Biological sciences student, 19-year-old Kate Snape, is in her second year at the University of East Anglia. She was diagnosed with spinal muscular atrophy Type 2 (SMA) at 18 months old. Kate talks about university life, and the services that are in place to support wheelchair users on campus.
I would describe my first year at uni in three words – overwhelming, terrifying, and amazing!
Living away from home, I was on the other side of the country to everything, and everyone I knew. I wanted to be independent, and this was my opportunity! Once I found my feet, I started to enjoy myself – I went out drinking like most students do, made new friends, and got involved in different societies.
I sometimes struggle finding a balance between studying, socialising and taking care of myself. Everyone at university is always so busy, it can be very tempting to be overactive, and not set a time to rest and fit in the other things that come with having a disability. It can also be tempting to be the complete opposite, and spend too much time resting, which can have an impact on your social life.
Now I’m in my second year, I’m much more actively involved in things – I’m on three society committees and also volunteer with a peer support group. I’m a little bit worried about where I am going to find the time for everything!
My biggest achievement during my first year at uni was becoming so confident. At the beginning of the year I was so nervous, I barely spoke to anyone! I wouldn’t go anywhere without my personal assistant, but by the end of the year I had put myself forward for different committees and clubs, and had made lots of friends.
The campus is suitable for wheelchair users, though sometimes alternative routes have to be taken. There is a team at the university that is helping to make the grounds more accessible.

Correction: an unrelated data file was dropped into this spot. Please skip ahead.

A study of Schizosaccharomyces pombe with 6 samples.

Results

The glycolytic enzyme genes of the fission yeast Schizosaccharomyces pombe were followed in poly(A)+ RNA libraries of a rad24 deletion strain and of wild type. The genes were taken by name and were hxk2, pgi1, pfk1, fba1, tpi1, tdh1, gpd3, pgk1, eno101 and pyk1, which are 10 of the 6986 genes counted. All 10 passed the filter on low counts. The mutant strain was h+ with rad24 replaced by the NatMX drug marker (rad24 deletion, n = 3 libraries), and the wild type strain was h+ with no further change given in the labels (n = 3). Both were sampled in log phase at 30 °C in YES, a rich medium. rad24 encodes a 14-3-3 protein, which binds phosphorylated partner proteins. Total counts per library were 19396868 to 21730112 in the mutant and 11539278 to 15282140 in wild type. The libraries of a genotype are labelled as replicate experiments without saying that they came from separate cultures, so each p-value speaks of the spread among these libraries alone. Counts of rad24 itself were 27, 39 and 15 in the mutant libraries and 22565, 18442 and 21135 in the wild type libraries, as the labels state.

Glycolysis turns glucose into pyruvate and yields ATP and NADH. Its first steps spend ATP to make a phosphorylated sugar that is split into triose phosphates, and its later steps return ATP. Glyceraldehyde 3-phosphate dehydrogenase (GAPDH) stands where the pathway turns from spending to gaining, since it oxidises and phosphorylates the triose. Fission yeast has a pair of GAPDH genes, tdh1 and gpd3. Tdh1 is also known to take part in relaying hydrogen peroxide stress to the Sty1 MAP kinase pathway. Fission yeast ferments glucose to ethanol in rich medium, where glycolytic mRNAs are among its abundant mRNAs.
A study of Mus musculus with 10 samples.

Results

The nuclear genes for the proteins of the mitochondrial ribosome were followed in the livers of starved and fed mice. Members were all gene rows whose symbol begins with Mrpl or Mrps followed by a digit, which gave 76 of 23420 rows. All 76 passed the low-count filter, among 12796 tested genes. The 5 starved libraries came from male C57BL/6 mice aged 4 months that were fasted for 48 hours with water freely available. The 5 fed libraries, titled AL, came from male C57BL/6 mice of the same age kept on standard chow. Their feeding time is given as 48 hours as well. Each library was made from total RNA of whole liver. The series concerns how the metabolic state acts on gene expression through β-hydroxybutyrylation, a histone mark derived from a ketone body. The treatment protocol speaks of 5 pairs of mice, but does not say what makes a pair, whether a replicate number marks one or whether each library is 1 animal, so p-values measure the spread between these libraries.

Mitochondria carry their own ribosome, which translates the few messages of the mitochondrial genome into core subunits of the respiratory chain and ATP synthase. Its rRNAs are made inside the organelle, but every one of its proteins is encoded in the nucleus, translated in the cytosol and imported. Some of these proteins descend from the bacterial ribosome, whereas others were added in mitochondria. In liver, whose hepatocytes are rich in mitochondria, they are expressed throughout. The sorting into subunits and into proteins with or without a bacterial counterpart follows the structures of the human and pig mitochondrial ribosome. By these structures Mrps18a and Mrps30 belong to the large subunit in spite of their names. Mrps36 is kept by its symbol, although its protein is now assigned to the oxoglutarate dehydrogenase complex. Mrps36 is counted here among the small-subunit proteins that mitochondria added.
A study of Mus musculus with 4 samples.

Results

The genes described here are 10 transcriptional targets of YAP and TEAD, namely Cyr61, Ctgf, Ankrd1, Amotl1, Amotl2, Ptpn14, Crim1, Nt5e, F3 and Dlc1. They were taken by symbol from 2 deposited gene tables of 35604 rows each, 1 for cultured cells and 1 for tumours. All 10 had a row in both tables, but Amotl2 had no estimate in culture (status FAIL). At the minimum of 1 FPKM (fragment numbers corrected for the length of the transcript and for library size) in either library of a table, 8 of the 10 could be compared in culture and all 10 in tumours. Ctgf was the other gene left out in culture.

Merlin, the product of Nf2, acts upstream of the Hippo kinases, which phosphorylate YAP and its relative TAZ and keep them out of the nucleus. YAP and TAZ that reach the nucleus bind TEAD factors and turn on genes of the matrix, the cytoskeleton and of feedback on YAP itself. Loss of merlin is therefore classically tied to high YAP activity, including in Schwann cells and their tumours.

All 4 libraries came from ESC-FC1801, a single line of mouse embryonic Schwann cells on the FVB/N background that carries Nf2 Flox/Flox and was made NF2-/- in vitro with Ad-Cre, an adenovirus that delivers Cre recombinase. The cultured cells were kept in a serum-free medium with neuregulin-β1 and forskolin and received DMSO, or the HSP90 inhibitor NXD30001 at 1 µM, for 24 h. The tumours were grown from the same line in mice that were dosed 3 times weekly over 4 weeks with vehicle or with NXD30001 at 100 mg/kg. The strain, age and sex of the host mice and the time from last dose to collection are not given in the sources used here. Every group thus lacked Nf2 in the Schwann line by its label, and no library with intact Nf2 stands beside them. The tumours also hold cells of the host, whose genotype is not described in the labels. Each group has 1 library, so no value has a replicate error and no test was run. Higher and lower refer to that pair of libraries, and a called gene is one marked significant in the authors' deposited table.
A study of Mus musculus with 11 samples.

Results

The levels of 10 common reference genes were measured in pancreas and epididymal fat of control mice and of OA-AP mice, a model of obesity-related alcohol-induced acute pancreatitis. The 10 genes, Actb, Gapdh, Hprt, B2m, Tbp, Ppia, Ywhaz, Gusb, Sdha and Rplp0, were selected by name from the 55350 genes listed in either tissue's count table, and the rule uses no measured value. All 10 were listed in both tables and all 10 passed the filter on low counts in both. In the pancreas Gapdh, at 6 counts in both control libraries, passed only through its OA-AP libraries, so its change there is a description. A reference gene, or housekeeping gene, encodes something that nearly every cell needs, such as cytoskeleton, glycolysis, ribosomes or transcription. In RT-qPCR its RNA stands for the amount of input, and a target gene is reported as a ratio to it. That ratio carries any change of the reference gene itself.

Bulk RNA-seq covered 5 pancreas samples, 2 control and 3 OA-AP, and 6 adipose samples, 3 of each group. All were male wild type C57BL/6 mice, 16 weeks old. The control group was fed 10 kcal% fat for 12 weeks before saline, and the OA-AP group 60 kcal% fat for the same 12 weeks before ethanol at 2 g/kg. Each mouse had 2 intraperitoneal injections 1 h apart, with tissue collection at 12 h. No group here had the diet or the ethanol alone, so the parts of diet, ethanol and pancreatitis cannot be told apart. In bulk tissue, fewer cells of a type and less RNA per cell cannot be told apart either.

The Dean of Students has Disability Advisors who I can contact for any support I need. They also help to run a Peer Support group for students with disabilities. They helped me to settle in last year, and because of that, I have become a peer support volunteer.
There is also a society at the university that offers support to disabled students. They run social events in a relaxed environment, where you don’t feel judged, catering to different needs and abilities.
I have a note taker, lab assistant, and library assistant, all paid for by Student Finance.
I also have round-the-clock care. My carers live with me, and help me with all physical limitations.
Aside from studying, I enjoy going to events and being part of society committees – I’m the Equality and Diversity Officer on the (disabled students’ society) Chronic Committee, and am part of the Geek Society Committee. I am also the Disability Welfare rep on the Pride Committee. I love going clubbing, as well as chilled nights watching movies.
I think there need to be more awareness campaigns to support disabled students studying at university so that every campus in the country is fully accessible for wheelchair users, and people with other physical disabilities.
My advice to new disabled students starting out at uni would be: don’t be afraid to ask for what you need. University was the first place I found that I didn’t have to fight for the support I needed. There are people who want to help you, so let them.